From giant TVs to ever-larger smartphones, the world craves screen time — and that requires more and bigger screens. That constant need has driven new liquid-crystal-display investments in Asian markets in particular, including several Chinese and Indian cities. That may explain in part why Shanghai heads the Asia Pacific rankings in this sector in the 2017 World’s Most Competitive Cities report (siteselection.com/cc/wmcc/2017), followed by Chennai, Singapore and Ho Chi Minh City in surging Vietnam.
That’s where ON Semiconductor not long ago invested in a $75-million expansion. ON was among the world’s revenue leaders in 2016. IHS Markit reports that the global semiconductor market posted a year-end growth rate of 2 percent in 2016, helped especially by tech embedded in cars. Global revenue came in at $352.4 billion.
IHS Markit says electronics equipment sales (including an astounding 225 million TVs as recently as 2013) account for as much as 4.4 percent of the global manufacturing economy.
Production of electronics and computers has slowed recently, most acutely among Asian producers in Japan, Korea and, to a lesser extent, China, notes Oxford Economics’ Dan Levine. United States and European production has held up reasonably well, explaining why traditional leaders such as Austin (where Samsung and Cirrus Logic have expanded), Berlin and Barcelona stay at the top. Meanwhile, the precision assembly and manufacturing reputations of San José, Costa Rica, and Tijuana continue to be based on real work and production, as those cities lead the Latin American region.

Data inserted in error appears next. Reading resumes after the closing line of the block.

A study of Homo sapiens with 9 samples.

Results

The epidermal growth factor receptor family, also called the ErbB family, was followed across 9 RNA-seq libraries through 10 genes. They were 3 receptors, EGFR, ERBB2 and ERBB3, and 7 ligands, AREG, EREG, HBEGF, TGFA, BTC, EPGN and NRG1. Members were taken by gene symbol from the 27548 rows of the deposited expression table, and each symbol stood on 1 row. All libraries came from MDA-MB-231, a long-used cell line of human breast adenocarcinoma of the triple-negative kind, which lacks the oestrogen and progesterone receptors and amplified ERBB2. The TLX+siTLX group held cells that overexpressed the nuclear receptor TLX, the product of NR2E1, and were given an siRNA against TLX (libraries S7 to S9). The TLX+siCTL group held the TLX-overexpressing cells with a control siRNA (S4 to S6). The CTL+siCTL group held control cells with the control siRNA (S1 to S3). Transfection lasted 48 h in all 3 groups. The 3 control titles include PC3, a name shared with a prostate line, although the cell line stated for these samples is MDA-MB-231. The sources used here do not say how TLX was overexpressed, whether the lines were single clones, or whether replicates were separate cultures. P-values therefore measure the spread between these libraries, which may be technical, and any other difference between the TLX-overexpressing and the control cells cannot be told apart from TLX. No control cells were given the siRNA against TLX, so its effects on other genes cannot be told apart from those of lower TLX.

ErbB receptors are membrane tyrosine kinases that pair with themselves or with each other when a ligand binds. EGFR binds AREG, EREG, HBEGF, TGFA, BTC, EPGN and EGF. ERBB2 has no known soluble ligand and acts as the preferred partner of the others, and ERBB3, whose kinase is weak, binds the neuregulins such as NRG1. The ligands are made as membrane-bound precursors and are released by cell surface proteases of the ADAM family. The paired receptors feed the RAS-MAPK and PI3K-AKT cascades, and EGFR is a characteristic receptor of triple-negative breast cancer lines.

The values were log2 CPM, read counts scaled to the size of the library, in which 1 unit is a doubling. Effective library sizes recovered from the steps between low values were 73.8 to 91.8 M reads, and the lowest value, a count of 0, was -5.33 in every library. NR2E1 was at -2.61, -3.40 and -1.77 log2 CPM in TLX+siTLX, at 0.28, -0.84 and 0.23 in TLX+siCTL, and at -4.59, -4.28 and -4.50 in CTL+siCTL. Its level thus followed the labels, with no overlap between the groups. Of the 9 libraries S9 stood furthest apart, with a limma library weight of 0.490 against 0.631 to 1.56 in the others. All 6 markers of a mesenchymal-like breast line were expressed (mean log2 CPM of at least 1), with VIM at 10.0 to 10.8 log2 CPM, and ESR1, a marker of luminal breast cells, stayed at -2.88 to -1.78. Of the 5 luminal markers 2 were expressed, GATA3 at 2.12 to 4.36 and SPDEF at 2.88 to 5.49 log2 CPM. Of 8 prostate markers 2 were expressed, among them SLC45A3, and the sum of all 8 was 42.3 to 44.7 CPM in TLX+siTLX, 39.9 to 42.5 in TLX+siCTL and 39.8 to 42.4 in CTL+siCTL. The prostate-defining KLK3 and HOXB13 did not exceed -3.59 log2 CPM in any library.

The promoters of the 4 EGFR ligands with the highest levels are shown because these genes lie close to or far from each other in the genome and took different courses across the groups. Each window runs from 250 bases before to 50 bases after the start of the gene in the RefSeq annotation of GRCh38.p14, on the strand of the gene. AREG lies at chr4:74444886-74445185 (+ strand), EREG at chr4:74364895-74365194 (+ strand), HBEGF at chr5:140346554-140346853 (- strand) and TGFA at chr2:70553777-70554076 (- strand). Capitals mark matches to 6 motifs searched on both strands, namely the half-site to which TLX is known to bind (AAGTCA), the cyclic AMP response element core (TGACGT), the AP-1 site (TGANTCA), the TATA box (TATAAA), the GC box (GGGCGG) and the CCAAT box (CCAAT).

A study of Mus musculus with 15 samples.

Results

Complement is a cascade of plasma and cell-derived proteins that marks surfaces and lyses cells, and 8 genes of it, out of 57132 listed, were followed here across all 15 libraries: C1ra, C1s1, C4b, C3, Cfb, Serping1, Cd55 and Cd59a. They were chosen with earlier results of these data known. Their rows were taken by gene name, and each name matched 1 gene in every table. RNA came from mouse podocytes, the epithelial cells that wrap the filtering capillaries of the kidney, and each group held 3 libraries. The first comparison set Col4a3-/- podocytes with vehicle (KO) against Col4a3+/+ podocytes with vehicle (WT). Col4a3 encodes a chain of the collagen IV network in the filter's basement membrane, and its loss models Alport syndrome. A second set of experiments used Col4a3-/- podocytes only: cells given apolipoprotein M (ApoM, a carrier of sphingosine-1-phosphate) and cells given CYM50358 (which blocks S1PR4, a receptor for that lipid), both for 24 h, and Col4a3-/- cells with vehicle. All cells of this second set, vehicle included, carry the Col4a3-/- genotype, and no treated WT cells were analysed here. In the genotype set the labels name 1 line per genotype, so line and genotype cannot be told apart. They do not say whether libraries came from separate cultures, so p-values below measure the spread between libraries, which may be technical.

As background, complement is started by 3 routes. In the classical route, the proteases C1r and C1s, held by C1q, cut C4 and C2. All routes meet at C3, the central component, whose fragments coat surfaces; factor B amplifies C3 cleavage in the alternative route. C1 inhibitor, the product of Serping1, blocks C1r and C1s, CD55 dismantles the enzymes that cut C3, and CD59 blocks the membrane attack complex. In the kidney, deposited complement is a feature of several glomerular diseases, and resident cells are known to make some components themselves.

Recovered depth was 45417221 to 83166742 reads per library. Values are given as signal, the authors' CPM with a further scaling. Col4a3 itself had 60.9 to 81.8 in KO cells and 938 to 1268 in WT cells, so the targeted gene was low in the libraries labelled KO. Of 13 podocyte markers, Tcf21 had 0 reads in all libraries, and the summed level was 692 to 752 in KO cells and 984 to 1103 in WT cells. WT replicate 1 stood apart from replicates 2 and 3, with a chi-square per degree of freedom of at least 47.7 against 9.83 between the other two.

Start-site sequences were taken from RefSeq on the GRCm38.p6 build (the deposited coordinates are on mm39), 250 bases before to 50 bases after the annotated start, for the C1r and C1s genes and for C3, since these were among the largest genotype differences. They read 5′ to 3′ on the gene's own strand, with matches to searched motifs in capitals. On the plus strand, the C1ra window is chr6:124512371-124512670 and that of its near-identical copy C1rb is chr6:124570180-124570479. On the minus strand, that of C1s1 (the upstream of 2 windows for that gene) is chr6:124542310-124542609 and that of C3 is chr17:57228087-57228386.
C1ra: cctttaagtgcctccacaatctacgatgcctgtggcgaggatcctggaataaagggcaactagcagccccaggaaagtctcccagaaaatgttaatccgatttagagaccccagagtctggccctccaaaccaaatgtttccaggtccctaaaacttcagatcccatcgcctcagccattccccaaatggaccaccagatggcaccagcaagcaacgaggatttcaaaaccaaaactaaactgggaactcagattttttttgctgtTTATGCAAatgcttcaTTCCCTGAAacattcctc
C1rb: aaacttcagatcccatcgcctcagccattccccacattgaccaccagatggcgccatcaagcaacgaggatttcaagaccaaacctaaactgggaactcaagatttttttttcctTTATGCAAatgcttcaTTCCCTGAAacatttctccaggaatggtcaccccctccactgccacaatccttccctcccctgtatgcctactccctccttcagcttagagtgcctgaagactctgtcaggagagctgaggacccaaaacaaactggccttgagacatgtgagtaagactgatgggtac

Slowing smartphone sales are adversely impacting semiconductor production, and much of the industry’s supply chain is shifting its focus to higher-end devices such as those used in data centers and cloud computing, notes Levine.
Some places already are set for that migration: High-ranked cities such as Singapore and Dublin are good examples of places with an electronics heritage where investors such as Accenture and Microsoft (in Dublin) and Google and Twitter (in Singapore) see the opportunity to marry data center heft with cloud-based services.